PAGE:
To say that pearls look sublime is an understatement. They are among the few naturally occurring materials that literally glow, using light to their full advantage (much like perfectly cut diamonds). The shiny exterior is known as a nacre layer — an organic-inorganic composite material produced by select shellfish as an inner shell lining.
But, here’s the catch about nacre and pearls: that outer layer looks good, but it’s very delicate. Its Mohs Hardness grade of 2.5 means that almost anything could scratch a pearl — even a fingernail. That’s okay, you have Hal Davis Jewelers and other jewelry repair pros, right? Unfortunately, repairing chipped pearls is not that simple.
Chipping is Irreversible
When the pearl’s outer nacre shell is chipped, it cannot be restored. The damage is more or less permanent; the chipped shells can’t be glued back on, and the damaged part can’t be smoothed or buffed out. Some even choose to fill the chipped part in using glue or fingernail polish. What this futile effort leaves is simply a mess, which ruins the pearl’s look in the first place.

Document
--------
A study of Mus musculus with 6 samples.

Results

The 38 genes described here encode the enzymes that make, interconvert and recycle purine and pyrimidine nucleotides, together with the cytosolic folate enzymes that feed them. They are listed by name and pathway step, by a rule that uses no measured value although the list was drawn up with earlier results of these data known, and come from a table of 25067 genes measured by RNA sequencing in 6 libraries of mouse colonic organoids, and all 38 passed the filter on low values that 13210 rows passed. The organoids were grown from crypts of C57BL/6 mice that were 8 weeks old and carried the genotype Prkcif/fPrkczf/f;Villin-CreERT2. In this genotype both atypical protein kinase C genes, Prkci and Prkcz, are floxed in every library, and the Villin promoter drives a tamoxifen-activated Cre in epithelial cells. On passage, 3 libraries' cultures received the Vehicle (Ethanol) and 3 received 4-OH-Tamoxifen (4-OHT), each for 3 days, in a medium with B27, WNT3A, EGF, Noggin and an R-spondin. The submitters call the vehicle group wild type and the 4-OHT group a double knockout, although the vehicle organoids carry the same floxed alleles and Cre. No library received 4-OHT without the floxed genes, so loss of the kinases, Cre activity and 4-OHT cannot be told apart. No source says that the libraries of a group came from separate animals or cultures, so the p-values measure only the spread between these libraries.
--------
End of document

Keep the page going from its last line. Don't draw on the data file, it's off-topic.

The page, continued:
What a jeweler can do, however, is to find a replacement. But, this is no walk in the park, either. Pearls come in a wide variety of colors and shapes. This makes it tough to find a perfect match for a damaged pearl. Jewelers must find something that matches in terms of size, luster, color, quality and shape.
Trying To Find A Solution
All hope is not lost, however. A few pearl manufacturers are actually experimenting with nacre reconstruction. Since nacre is a naturally occurring material, researchers are placing chipped pearls into an oyster to see if it can re-coat the pearl with another nacre layer. To understand this, it would help to know how oysters form pearls. When a foreign object gets inside it, the oyster’s lining gets irritated. To protect itself, it coats the irritant with a layer of nacre.
Restringing Pearls: A Different Story
The fact that pearls can get easily chipped further stresses the need to take care of them. It’s because the only problem with pearl jewelry those jewelers can help with is when they get de-strung. Restringing pearls is easy with a pro — and safe, too.